If you’re looking to simplify your retirement plan and accounts, an IRA rollover might be a good option for doing so. 

Below, we’ll provide a high-level overview of both IRAs and 401(k)s. We’ll then define what an IRA rollover is, discuss why you might choose to pursue one and explain the challenges you should be aware of before kicking off the process.  

What is an IRA? 

An individual retirement account (IRA) is a type of self-directed investment account that allows you to save for retirement while realizing tax benefits. 

Unlike a 401(k), an IRA is not sponsored by an employer. This means that anyone who has earned income during the year can open and contribute to an IRA. How much you can contribute will depend on your age. In 2023, those younger than 50 can contribute up to $6,500 per year, and those 50 or older can contribute up to $7,500 per year.  

IRAs come in traditional (contributions are not taxed; future withdrawals are taxed) and Roth (contributions are taxed; future withdrawals are not taxed) varieties, each of which offers different benefits.  

What is a 401(k)? 

Like an IRA, a 401(k) is a type of tax-advantaged investment account that you can use to save for retirement. Also like an IRA, a 401(k) can come as either traditional or Roth, offering you variety in how you plan your retirement. The key differences between a 401(k) and an IRA lie in their eligibility requirements and contribution limits.

A 401(k) is sponsored by an employer. This means that you can contribute to a 401(k) only if your employer offers a plan (and you qualify for that plan). Many employers offer a company match, which can supercharge your ability to save.  

A 401(k) also comes with a much higher contribution limit compared to an IRA. In 2023, employees younger than 50 can contribute up to $22,500 per year to a 401(k), while those 50 or older are eligible to contribute up to $30,000. 

What is an IRA rollover? 

An IRA rollover is a process for transferring funds—rolling them over—from one (or multiple) retirement accounts into a traditional IRA or a Roth IRA. The resulting account is sometimes also called a rollover IRA. 

What kinds of accounts you can roll over will depend entirely on the types of retirement accounts that you have. If you have multiple IRAs, for example, you might choose to roll them over into a single account. Or if you have a traditional IRA, you may want to convert it to a Roth IRA to change when and how the money is taxed.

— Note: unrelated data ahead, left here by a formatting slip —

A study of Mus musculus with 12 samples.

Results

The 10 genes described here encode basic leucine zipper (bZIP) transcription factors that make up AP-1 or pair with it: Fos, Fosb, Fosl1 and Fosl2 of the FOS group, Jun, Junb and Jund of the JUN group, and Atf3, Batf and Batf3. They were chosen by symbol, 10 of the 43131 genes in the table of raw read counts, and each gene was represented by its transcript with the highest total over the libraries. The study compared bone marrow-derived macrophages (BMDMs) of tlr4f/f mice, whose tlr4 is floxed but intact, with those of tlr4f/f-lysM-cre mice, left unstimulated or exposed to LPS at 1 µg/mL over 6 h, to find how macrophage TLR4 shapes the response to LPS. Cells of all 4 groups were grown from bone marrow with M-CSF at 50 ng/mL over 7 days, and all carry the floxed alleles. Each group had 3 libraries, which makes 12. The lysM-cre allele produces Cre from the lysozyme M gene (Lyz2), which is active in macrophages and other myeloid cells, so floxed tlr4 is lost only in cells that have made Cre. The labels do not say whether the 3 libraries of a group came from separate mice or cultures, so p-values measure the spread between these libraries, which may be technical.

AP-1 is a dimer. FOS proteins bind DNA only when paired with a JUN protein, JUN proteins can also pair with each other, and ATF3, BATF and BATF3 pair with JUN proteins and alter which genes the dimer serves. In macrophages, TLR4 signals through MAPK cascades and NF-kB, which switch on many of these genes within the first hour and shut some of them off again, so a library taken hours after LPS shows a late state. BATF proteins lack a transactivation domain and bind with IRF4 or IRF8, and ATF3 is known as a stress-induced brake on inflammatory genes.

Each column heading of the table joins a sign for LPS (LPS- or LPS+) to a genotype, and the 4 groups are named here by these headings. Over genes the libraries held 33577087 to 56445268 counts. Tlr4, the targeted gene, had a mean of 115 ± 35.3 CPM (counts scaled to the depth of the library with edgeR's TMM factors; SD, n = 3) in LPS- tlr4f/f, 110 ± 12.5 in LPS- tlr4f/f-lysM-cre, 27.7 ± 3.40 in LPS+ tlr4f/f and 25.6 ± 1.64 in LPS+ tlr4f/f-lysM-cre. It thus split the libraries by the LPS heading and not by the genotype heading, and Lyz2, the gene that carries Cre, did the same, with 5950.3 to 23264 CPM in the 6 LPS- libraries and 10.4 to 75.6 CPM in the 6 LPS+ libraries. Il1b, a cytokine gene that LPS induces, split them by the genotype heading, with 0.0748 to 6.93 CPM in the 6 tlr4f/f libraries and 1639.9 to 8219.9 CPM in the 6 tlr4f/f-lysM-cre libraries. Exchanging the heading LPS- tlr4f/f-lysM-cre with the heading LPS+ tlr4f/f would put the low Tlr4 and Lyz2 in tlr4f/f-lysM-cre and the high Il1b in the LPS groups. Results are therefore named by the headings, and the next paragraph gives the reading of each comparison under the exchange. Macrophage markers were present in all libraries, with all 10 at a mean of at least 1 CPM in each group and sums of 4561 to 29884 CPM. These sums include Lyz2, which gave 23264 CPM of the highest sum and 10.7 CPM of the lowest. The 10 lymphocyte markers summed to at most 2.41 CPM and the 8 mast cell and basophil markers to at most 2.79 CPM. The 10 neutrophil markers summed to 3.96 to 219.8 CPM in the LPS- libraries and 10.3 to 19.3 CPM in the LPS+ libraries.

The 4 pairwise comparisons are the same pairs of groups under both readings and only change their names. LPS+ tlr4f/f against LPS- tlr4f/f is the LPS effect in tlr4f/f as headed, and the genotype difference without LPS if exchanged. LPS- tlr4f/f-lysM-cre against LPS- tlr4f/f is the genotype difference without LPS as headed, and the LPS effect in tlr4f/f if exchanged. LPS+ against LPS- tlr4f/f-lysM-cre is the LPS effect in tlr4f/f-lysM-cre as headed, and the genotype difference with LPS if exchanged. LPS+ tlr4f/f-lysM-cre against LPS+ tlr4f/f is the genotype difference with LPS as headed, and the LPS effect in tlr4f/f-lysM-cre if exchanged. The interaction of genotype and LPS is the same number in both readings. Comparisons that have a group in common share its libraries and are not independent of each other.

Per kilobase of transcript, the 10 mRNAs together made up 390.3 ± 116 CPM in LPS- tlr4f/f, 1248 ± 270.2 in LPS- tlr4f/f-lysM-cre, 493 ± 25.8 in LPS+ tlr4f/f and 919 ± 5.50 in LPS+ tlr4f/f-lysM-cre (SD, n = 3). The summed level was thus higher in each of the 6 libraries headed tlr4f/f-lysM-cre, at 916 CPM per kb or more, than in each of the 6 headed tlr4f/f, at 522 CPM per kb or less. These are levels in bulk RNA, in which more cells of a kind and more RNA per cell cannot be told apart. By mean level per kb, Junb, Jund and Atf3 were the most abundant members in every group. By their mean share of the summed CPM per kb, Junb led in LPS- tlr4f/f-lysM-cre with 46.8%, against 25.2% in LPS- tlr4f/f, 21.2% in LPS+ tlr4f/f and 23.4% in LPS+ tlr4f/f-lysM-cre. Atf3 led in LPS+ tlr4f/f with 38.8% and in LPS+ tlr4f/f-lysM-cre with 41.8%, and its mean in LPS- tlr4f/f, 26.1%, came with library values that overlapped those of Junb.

Likewise, if you have one or multiple 401(k)s from previous employers, you might choose to roll those accounts over into an IRA. This is very different from a 401(k) rollover, which involves rolling over a 401(k) from an old employer into a new 401(k) account. 

Why do people pursue an IRA rollover? 

There are many potential reasons to consider an IRA rollover. Some of the most common include:  

  1. Simplicity: Consolidating multiple accounts into a single IRA makes it much easier to keep track of how you are progressing toward your retirement goals. It also makes it easier to understand the fees you are being charged and how your funds are diversified. 

  1. More investment options: While 401(k)s can be an effective means of saving for retirement, you will often be limited in the types of investments that you can make through your account. Converting a 401(k) into an IRA can open more options.  

  1. An inability to leave your account where it is: When you leave an employer, many employers will allow you to leave your 401(k) behind in their custody. But some employers will not. In such a case, you will need to pursue either a 401(k) or an IRA rollover. 

  1. Pursuing a Roth conversion: Some investors who have funds in a traditional 401(k) may be interested in converting their accounts to Roth accounts in order to take advantage of certain tax benefits. An IRA rollover offers one such path to pursue a Roth conversion.  

Is there a limit to how much you can roll over? 

There is no limit on how much money you can roll into a rollover IRA, and a rollover will not count toward your annual contribution limit. There are, however, limits to how frequently you can pursue rollovers.  
Generally speaking, if you pursue an IRA rollover but leave some money behind in your original account, you will not be able to pursue another rollover from that account for one year. Likewise, the account that received the rollover funds itself will not be able to be rolled over for one year.  

Make an informed decision 

Pursuing an IRA rollover can be a complicated process—and one that may come with tax implications, among other considerations. With this in mind, it’s important to understand how an IRA rollover might impact your tax bill and overall financial plan before you initiate the process.  
If you’re unsure about your ability to weigh the tax implications of pursuing an IRA rollover, it can be a good idea to work with a financial advisor or a tax professional to help you weigh your options and evaluate the potential benefits that an IRA rollover might present.

This article is provided by Northwestern Mutual. Learn more about retirement planning from a licensed financial advisor using our one-of-a-kind Find An Advisor tool.